Countdown to May – Part I

It’s times like this where I truly see the benefit of having my own milk cow. Like right now, when I have a carton of Lactaid in my fridge. It’s ok. It’s not terrible. I can drink it. But it’s not even comparable to the delicious, creamy freshness of raw milk!

I took a break from milking this winter. Partly to save my hands from the bitter cold (and what’d ya know I go and frostbite them anyway) and partly because I sold my cow Fancy back in Oct. 2014. It’s been nice not having to traipse out through knee-deep snow to the barn to milk in minus fifteen degree weather but I still have to traipse out to feed and water the two heifers and muck out the stalls (when it’s warmish out and everything isn’t frozen solid).

"Look. She's got the camera again."

“Look. She’s got the camera again.”

Just the other day Mom asked me if I really wanted to continue doing this. She’s mentioned to me before how she’d rather raise animals during the spring to fall (like piggies) and not have the stress of worrying about caring for them during our long, harsh northern winters. She is right about that: it would be easier. And sometimes, in the long run of things, I do pause and ponder if all this is really worth my time and effort? I mean when one considers all the mucking out; the tons of wheelbarrow loads of manure I’ve carted (wonder how many tons in the past 5 years); constantly repairing fence and moving my electric paddocks during summer; the long harsh cold winters; etc. The list could go on.

But on the flip side of the same coin, I know it IS worth it. How do I know? When I open my fridge and see that red carton of Lactaid on my shelf.

So while I’ve enjoyed my break I’m so excited to be getting back into the milking routine because in May Hazel has her calf! Of all the heifers I’ve raised Hazel is the first who has been born on my farm and bred to have her own calf – and that to me is just beyond exciting! Not just because I’ve raised her myself but because after 5 years of working towards a goal I have finally reached it: raising small-sized, grass-fed, grain-free milk cows. But I never would have reached this point if it weren’t for Faith at Misty Morning Farm for getting me started and giving me that extra push to make a dream a reality.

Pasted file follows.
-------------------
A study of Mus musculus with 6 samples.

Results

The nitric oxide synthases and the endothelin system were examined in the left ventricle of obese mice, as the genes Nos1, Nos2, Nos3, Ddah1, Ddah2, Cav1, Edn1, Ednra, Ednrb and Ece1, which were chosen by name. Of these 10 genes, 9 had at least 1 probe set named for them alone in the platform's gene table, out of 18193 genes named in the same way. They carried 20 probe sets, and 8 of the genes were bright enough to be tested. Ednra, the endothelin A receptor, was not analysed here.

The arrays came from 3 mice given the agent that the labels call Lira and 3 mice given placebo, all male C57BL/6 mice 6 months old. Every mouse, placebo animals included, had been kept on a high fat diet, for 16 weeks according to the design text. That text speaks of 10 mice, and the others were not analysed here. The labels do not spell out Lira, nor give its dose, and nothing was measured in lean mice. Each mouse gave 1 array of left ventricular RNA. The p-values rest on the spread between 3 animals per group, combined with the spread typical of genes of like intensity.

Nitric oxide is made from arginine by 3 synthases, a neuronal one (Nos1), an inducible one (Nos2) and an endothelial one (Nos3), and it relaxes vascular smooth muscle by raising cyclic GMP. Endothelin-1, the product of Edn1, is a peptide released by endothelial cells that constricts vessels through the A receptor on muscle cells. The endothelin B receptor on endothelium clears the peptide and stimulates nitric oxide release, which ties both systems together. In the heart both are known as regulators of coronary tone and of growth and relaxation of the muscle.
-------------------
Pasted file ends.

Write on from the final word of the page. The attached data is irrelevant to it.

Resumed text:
Hazel's baby-bump. 7 months prego and I felt the calf! I've had 4 calves born on my farm and the excitement is always new for me

Hazel’s baby-bump. 7 months prego and I felt the calf! I’ve had 4 calves born on my farm and the excitement is always new for me

Hazel still has 2 more months to go but already her udder is starting to fill out and it’s so adorably cute! Her teats are perfectly sized and a good length for hand-milking, something that I try to pay attention to since my first cow, a Jersey had 4 teats all different sizes.

"What are you doing human?"

“What are you doing human?”

Hazel has always been a bit wild, a free spirit. She has never been calm and complacent like Briar, my 6 month old Jersey heifer who is Hazel’s half sister. While Briar will do anything I tell her, Hazel is more stubborn and even though I’ve raised/gentled/trained (still training) her I’ve recently run into a problem: she won’t let me touch her udder. I’ve always trained my girls this way, teaching them that I’m the boss and that they have to let me touch them so that when they calve and it’s time to train them to milk they already know it’s not a bad thing for me to be handling their udder.

I can touch, rub, and handle Briar’s teeny little udder just fine – she just stands there while I hold her halter and if she raises a foot I gently but firmly touch her leg and tell her “No.”

My Briar Patch - the sweetest little heifer I've ever had the pleasure to raise. She's a keeper for sure!

My Briar Patch – the sweetest little heifer I’ve ever had the pleasure to raise. She’s a keeper for sure!

But I can’t do that with Hazel now. She used to let me. From research I’ve done and asking advice on an online forum I guess it’s not unheard of for heifers to act this way 2-4 months out from calving. And some folks don’t consider it a negative thing for them to protect their udders when it’s not supposed to milked/nursed. Some folks leave their heifers’ udders entirely alone until after calving while some folks don’t. So I guess it’s a matter of personal opinion as well as the personality of the heifer too as to how they respond to training.

The last thing I want to do is ruin Hazel. She loves to be pet, brushed, scratched, and is a good girl overall. She goes into the stanchion just fine (I’m working with her to come out of it better: she gets so excited that she tries to go investigate the rest of the barn when I just want her to just back up and go back into her pen.) So I have to come up with a plan of attack that best fits my situation and Hazel’s needs. But there is plenty of time to fix this issue because after all, it’s only March 3 and she’s not due till 5/22 – give or take a week 🙂 Let the countdown begin!